Learning about the causes, types, treatment options, and prevention strategies for pink eye can help you know when to seek care from your optometrist—for pink eye and other eye diseases.

What Is Pink Eye?

Pink eye, medically known as conjunctivitis, is a common eye infection that occurs when your conjunctiva (the thin, clear layer that covers the white part of your eye) is inflamed, either due to an infection or an allergic reaction.

While the symptoms of pink eye may be uncomfortable and even alarming, the good news is that this condition can clear up in a few days.

What Are the Different Types of Pink Eye?

Various factors, such as allergies, bacteria, viruses, or chemicals, can cause pink eye. Understanding the different types of pink eye is important, as it can help you and your doctor determine the best treatment.

Bacterial conjunctivitis

Bacterial conjunctivitis is caused by bacteria and is characterized by sticky eye discharge, which may be green, yellow, or white. This type of conjunctivitis is highly contagious and can spread through direct and indirect contact with an infected person.

Mild cases of bacterial conjunctivitis may disappear without antibiotic treatment in 2 to 5 days. However, it can take up to 2 weeks to fully heal. In severe cases, doctors may prescribe antibiotic eye drops or ointment to fight off the bacteria.

Viral Conjunctivitis

Viral conjunctivitis is highly contagious. It is characterized by a watery discharge, redness of the eye, and noticeable swelling of the conjunctiva.

This type of conjunctivitis usually clears up within 7 to 14 days without treatment but can take up to 3 weeks or longer to heal.

In most cases, the virus responsible is adenovirus, and the symptoms can sometimes be accompanied by flu-like symptoms such as a sore throat, runny nose, or fever.

There is no specific treatment, but symptoms can be managed through the use of antiviral medications, fever reducers, or painkillers. When you speak with us, we can provide more guidance on how to treat and recover from viral conjunctivitis.

Allergic Conjunctivitis

Allergic conjunctivitis is caused by allergens such as pollen, dust, pet dander, or contact lenses. It is characterized by itching, tearing, and swelling of the conjunctiva.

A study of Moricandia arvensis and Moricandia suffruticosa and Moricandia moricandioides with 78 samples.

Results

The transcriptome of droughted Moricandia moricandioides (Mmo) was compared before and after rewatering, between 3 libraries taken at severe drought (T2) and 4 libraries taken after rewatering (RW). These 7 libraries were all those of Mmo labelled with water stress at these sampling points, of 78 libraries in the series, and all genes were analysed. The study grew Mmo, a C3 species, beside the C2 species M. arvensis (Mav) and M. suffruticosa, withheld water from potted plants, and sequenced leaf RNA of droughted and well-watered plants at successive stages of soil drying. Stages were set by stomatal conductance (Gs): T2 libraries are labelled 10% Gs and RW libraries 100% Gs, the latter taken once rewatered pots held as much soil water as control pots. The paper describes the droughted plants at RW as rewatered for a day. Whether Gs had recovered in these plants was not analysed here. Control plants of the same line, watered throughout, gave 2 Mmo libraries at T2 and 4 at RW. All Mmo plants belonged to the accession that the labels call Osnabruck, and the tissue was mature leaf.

Removing the allergen from an affected person’s environment often helps with relieving the symptoms of allergic conjunctivitis. Antihistamines, decongestants, or steroid eye drops may also help reduce symptoms.

Most cases of allergic conjunctivitis last as long as the allergen is present in the environment.

A woman sitting in an optometrist's office looking into a machine that tests her vision.

Treatment Options for Pink Eye

The treatment options for pink eye vary depending on the underlying cause.

  • If the cause is bacterial, antibiotics in the form of eye drops or ointments may be prescribed to help clear the infection.
  • If the cause is viral, no specific treatment is needed, as the infection will usually clear up naturally within one to three weeks. However, it is still important to speak with your eye doctor about how to care for your eyes and overall health during that time.

Antiviral eye drops may sometimes be prescribed to help prevent complications. If the cause is allergic, over-the-counter eye drops or oral antihistamines may help relieve symptoms.

It’s best to speak with your eye care team to determine the right treatment for your needs.

Pink Eye Prevention

Prevention can be as good as a cure, and pink eye is no exception. Taking the following steps can go a long way toward preventing the spread of pink eye:

  • Wash your hands regularly,
  • Avoid eye rubbing,
  • Avoid sharing personal items like towels or eye makeup.

Get Treatment for Pink Eye at Pacific Pier Optometry

If you experience any symptoms of pink eye, it is important to see a qualified optometrist for proper diagnosis and treatment. At Pacific Pier Optometry, our team provides comprehensive eye care with modern technology and an attentive approach. 

Book an appointment today and let us care for your vision health.


Dr. Dianna Kattengell (Dr. K) is a therapeutic optometrist with more than 15 years of industry experience. She earned her doctor of optometry (OD) degree from the Southern California College of Optometry and her B.A. from Texas Christian University.

Specializing in primary eye care for patients of all ages, Dr. K is trained in the diagnosis and management of eye diseases, low vision therapy, fitting specialty contact lenses, and preoperative and postoperative care.